As US-Led War Continues, What Happens to Civilians Wounded and Displaced?


'There is only talk of extremism and Islamic State, but not the women and children who are killed, the bodies torn apart, the stomachs blown open, which is what doctors are dealing with each day.'

Syrian Kurdish refugees cross the border into Turkey after fleeing fighting between Kurdish forces and ISIS militants around the city of Kobani in north-east Syria September 2014. (Photo: UNHCR / I. Prickett)

Syrian Kurdish refugees cross the border into Turkey after fleeing fighting between Kurdish forces and ISIS militants around the city of Kobani in north-east Syria September 2014. (Photo: UNHCR / I. Prickett)

The United States has entered the new year pledging to lead a war on ISIS for "as long as it takes to prevail." But what of the Syrian civilians whose lives have been upended by years of conflict and whose plight is used, in part, to justify U.S.-led military intervention?

According to a group of Syrian doctors and aid workers, ordinary people are being neglected by the international community.

"Between 30 to 60 people are dying each day since the bombings started," said Tawfik Shamaa, spokesperson for the Union of Syrian Medical Relief Organizations (UOSSM), an association of 14 non-governmental organizations that provide aid to regions of the Levant, including besieged areas of Syria.

The organization met on Monday with officials of France—whose government, a participant in the U.S.-led war, provides a majority of the group's funds, according to Reuters.

"There is only talk of extremism and Islamic State, but not the women and children who are killed, the bodies torn apart, the stomachs blown open, which is what doctors are dealing with each day," Shamaa continued.

The statements come amid grim warnings from United Nations officials about the crisis of civilian displacement.

Antonio Guterres, the UN High Commissioner for Refugees, declared at an annual meeting of Turkey's ambassadors in Ankara on Tuesday, "The Syria and Iraq mega-crises, the multiplication of new crises and the old crises that seem never to die have created the worst displacement situation in the world since World War II."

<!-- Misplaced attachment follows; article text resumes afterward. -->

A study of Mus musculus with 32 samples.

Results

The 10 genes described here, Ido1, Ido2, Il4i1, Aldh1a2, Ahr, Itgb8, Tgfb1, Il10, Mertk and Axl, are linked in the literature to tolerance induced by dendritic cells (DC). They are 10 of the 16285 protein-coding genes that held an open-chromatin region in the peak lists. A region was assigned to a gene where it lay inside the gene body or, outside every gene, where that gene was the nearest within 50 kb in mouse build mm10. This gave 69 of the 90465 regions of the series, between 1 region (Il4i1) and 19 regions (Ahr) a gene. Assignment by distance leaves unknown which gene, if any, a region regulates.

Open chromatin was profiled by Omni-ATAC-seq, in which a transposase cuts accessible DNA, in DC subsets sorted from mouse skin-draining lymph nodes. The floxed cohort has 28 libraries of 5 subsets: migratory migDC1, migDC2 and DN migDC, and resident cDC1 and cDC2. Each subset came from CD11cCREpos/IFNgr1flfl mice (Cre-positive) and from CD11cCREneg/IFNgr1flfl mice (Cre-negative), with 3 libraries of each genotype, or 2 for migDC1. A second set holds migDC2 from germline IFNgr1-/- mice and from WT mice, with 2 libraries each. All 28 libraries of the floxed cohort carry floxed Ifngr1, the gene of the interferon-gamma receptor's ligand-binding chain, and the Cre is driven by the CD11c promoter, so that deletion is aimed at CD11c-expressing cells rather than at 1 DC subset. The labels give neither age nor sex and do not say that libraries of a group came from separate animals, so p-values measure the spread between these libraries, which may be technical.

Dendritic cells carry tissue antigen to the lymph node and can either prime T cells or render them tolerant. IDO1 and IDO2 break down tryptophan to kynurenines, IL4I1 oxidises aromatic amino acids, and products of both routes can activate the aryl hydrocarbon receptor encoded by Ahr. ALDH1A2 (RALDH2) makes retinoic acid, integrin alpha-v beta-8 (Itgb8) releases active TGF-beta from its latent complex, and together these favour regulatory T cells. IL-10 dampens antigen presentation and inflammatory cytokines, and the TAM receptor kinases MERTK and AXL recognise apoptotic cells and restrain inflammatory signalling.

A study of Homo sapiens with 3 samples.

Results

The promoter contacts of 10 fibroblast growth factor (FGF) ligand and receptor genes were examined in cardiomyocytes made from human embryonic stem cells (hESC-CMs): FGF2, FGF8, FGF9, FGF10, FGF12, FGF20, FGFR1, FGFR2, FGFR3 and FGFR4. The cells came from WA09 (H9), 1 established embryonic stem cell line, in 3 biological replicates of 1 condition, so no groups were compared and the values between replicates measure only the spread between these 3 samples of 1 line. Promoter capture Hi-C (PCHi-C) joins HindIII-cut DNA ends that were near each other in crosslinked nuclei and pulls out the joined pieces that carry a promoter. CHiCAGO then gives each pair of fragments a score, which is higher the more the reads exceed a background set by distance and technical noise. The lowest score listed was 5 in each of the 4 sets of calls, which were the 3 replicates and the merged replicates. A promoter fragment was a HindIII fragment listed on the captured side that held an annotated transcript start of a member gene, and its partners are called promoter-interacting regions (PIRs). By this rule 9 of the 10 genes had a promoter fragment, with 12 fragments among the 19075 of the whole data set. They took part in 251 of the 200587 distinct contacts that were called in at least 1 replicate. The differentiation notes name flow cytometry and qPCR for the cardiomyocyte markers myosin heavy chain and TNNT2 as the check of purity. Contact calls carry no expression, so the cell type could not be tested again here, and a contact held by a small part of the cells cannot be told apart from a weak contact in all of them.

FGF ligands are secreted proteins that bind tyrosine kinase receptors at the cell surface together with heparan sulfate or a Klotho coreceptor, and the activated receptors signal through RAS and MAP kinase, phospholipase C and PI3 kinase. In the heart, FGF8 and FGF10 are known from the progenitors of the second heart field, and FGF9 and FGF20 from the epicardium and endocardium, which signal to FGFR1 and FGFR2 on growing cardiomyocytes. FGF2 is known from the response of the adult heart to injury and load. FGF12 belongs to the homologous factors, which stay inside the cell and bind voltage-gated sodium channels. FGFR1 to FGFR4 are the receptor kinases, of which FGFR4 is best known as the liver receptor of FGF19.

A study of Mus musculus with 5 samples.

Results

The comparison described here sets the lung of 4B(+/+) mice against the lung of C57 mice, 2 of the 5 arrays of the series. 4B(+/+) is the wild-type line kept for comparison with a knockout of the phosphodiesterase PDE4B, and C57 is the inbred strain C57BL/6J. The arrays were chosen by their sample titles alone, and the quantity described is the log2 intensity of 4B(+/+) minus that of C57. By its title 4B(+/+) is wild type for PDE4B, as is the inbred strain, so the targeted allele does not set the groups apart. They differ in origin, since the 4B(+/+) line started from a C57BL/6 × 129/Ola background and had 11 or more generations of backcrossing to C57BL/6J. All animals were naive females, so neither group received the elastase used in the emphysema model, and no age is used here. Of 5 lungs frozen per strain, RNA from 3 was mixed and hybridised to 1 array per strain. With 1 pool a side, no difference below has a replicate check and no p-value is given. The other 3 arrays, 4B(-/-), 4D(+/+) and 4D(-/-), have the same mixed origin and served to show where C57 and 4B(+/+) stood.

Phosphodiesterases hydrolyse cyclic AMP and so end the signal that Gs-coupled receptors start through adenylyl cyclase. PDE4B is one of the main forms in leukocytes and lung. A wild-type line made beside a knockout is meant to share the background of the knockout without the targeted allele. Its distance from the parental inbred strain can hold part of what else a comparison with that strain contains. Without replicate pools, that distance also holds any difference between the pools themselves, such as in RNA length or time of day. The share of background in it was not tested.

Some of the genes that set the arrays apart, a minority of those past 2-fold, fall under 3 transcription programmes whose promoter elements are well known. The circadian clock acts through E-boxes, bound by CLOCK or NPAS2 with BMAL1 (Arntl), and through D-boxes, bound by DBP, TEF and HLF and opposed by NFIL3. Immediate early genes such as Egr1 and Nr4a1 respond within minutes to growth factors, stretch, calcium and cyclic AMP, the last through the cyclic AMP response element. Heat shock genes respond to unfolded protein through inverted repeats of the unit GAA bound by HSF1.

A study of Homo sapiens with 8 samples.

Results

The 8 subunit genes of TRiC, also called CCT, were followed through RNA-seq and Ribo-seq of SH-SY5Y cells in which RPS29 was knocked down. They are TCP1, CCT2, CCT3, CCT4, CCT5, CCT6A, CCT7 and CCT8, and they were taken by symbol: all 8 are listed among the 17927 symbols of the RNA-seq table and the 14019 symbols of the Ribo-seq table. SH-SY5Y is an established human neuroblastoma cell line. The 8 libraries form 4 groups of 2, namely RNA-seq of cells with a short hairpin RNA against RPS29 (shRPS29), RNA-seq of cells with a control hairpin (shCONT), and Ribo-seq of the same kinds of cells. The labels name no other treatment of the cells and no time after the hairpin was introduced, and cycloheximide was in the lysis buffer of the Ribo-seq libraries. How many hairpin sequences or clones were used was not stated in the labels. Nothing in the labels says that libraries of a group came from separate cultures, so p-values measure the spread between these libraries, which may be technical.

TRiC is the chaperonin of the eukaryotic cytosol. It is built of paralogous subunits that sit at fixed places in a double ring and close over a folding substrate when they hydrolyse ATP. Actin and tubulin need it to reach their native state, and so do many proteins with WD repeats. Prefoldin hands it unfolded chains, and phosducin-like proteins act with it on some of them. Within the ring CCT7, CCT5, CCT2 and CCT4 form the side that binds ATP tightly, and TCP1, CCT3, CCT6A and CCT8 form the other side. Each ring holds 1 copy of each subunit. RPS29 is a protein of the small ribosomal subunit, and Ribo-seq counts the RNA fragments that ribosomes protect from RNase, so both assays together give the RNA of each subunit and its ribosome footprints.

"This is a world where conflicts multiply and the old ones are not solved and the result is, of course, a dramatic impact from the humanitarian point of view," Guterres added.

The United Nations announced in November 2014 that at least 13.6 million people have been displaced by the wars in Iraq and Syria—a number that has since risen during an especially violent time for both countries.

However, since 2011, fewer than 191,000 Syrians have been allowed to resettle in countries outside of the region, according to a New York Times article published last month.

The United States has only taken in 300 Syrian refugees so far—in a closed-door policy that has garnered heavy criticism, given the key role the country has played in sowing the crisis and the rise of ISIS. European states, especially Britain, France, Italy, Spain, and Portugal, have been especially reluctant to take in Syrians. According to a September 2014 report by the charity Oxfam, wealthy nations, especially the United States, are failing to provide adequate resettlement or aid to Syrian people.

By comparison, Turkey, Lebanon, Jordan, Iraq, and Egypt have accepted approximately 3.8 million Syrian refugees, the Times article states. However, the Lebanese government recently announced that it will begin imposing stringent new visa requirements on Syrians seeking refuge, adding to the difficult circumstances refugees face when fleeing violence.

Meanwhile, it is still not clear exactly how many civilians are being killed and wounded by U.S. coalition attacks. Despite numerous reports of civilian deaths in Iraq and Syria, the Pentagon has repeatedly denied such killings and refused to provide information to the public.